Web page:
Print Edition: January 28, 2015
Adam Friesen ascended to the position of men’s basketball’s head coach at UFV on a permanent basis at the beginning of last year. It was the culmination of a long record-breaking Canadian Interuniversity Sports (CIS) career, record-breaking high school performances, and finally being equal with his father, Al Friesen — himself an Abbotsford basketball coaching legend.
Coach Adam Friesen was born in Winnipeg, where he lived until he moved to BC the summer before grade 11. His dad got the opportunity to coach at Yale in Abbotsford. Later, they would be partly responsible for transforming Yale to the powerhouse of BC high school basketball for the better part of the decade.
It wasn’t long before Friesen made a name for himself on his own at Yale, scoring 61 points in a single game — a school record that was only broken two months ago.
“It was good,” he reflected on his early experiences playing at Yale. “I played for my dad. It wasn’t my first year playing for him. I played for him in grade 10 in Winnipeg — he was my coach already so I kind of knew what to expect that way. The program had to grow, and it was a good challenge to take on something like that.”
Friesen won the Fraser Valley regional championships in grade 12, along with a berth at the provincial tournament. He was starting to make a real name for himself as a player, and drawing the eyes of some lower-tier CIS schools. His split CIS career started at the school that would become his cross-town rival when he became a head coach — Trinity Western University.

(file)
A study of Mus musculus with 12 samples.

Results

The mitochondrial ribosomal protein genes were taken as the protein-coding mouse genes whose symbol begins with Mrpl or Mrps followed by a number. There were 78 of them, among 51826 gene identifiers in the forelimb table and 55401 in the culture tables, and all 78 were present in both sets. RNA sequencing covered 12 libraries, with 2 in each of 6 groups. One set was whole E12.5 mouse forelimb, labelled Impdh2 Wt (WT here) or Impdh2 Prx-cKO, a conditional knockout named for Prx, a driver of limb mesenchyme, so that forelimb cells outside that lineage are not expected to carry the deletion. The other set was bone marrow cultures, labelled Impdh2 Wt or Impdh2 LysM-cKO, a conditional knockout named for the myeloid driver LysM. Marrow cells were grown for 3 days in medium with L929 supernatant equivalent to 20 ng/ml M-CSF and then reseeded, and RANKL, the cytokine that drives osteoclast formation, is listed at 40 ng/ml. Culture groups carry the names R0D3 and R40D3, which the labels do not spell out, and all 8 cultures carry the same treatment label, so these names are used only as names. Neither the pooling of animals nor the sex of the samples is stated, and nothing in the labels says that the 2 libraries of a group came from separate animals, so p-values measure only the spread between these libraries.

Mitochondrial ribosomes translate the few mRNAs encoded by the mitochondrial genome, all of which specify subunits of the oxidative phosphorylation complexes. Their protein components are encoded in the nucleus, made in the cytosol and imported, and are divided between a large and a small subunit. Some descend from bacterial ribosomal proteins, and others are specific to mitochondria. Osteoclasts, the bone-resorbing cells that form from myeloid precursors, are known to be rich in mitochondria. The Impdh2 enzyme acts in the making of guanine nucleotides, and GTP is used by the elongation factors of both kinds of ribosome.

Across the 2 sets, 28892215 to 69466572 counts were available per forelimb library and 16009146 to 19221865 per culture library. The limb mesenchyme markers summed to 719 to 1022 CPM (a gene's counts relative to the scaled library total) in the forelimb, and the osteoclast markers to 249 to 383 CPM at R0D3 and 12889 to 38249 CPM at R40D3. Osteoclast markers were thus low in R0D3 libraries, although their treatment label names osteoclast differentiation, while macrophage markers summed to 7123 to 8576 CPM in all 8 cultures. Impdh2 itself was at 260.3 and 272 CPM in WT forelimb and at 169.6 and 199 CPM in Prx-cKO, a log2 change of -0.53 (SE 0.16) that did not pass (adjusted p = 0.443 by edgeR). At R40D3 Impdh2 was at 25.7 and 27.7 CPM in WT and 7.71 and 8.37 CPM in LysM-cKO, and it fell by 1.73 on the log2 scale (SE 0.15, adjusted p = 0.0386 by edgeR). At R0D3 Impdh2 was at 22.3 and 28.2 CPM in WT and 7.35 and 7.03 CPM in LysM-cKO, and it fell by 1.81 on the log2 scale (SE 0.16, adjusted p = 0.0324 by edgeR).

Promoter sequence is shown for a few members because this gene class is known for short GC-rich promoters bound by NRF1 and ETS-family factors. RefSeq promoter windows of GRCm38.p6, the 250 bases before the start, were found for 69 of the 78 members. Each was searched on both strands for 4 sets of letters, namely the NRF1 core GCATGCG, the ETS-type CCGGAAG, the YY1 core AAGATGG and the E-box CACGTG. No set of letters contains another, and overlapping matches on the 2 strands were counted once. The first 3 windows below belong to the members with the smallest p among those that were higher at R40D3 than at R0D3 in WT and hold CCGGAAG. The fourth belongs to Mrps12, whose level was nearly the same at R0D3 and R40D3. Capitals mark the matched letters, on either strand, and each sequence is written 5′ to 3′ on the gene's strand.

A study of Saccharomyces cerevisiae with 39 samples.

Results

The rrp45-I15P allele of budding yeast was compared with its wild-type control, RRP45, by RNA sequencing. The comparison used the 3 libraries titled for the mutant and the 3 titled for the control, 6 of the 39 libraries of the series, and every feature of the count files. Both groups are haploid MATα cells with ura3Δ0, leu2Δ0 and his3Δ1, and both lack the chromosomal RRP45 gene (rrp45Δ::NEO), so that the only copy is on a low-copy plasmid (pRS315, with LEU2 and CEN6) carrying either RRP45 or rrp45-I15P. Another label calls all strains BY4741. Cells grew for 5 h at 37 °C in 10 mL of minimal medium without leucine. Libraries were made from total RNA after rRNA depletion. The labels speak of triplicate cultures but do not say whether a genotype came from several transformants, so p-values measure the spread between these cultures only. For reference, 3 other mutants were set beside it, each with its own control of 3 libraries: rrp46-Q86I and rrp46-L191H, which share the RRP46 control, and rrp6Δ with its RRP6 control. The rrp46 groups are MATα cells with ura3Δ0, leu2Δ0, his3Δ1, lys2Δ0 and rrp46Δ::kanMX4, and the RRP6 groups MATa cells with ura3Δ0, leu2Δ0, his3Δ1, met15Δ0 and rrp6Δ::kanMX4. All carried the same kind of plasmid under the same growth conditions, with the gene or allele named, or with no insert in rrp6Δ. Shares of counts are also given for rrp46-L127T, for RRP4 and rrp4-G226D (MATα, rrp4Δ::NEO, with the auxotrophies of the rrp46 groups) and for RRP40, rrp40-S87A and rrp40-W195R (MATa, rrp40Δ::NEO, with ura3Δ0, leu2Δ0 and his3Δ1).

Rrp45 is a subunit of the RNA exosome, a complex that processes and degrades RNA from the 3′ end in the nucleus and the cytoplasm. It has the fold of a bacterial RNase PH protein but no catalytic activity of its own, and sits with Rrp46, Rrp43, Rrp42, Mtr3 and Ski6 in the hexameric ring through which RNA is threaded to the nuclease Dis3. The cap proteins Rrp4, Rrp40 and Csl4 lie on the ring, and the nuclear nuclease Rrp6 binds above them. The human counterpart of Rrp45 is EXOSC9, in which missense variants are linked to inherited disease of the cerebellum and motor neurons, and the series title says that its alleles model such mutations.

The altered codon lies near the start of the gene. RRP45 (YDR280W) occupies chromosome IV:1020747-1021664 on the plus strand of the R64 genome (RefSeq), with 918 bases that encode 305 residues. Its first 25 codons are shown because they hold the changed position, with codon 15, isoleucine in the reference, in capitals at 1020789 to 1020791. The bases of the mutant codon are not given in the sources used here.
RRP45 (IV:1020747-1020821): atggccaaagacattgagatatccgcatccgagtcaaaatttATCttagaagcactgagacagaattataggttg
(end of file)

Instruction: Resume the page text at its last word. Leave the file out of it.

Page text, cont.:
His experience at Trinity, while a bit rocky at points, is marked by his consistency on the court. In the 2004-2005 season, he registered the second highest minutes-per-game mark in Canada West history for the Spartans, when he played a whopping 37-and-a-half minutes per game. He is also one of three players in Canada West history to play 50 minutes in a single game, which he did as a member of the Spartans in 2005. Friesen’s university career would also see him play at UBC for the 2006-2007 season.
His path to coaching the Cascades was relatively easy after making a mark on local collegiate basketball.
He also reflected on his relationship with former UFV head coach Barnaby Craddock, and his time as assistant coach.
“Once I finished playing, I was fortunate enough to get on the coaching staff here with Barnaby Craddock, and was the assistant coach for five years, I believe. I got to see how to build and run a program. The opportunity came up to run the program here. All the lessons I learned there [as an assistant coach] prepared me well.”
For Friesen, after a lengthy collegiate career and five years as an assistant coach, the call finally came in the summer of 2013 for him to become the head coach of his own CIS program with an already wide array of talent.
“I was very fortunate — it was something that I was very interested in doing, and there were not many jobs, not a lot of schools around the country, so the fact that I was able to find a situation here at home was a blessing,” said Friesen.
It was finally his opportunity to show the local basketball fanatics that, just like his father, a provincial championship winner at the high school level, Friesen could coach basketball, and do it well.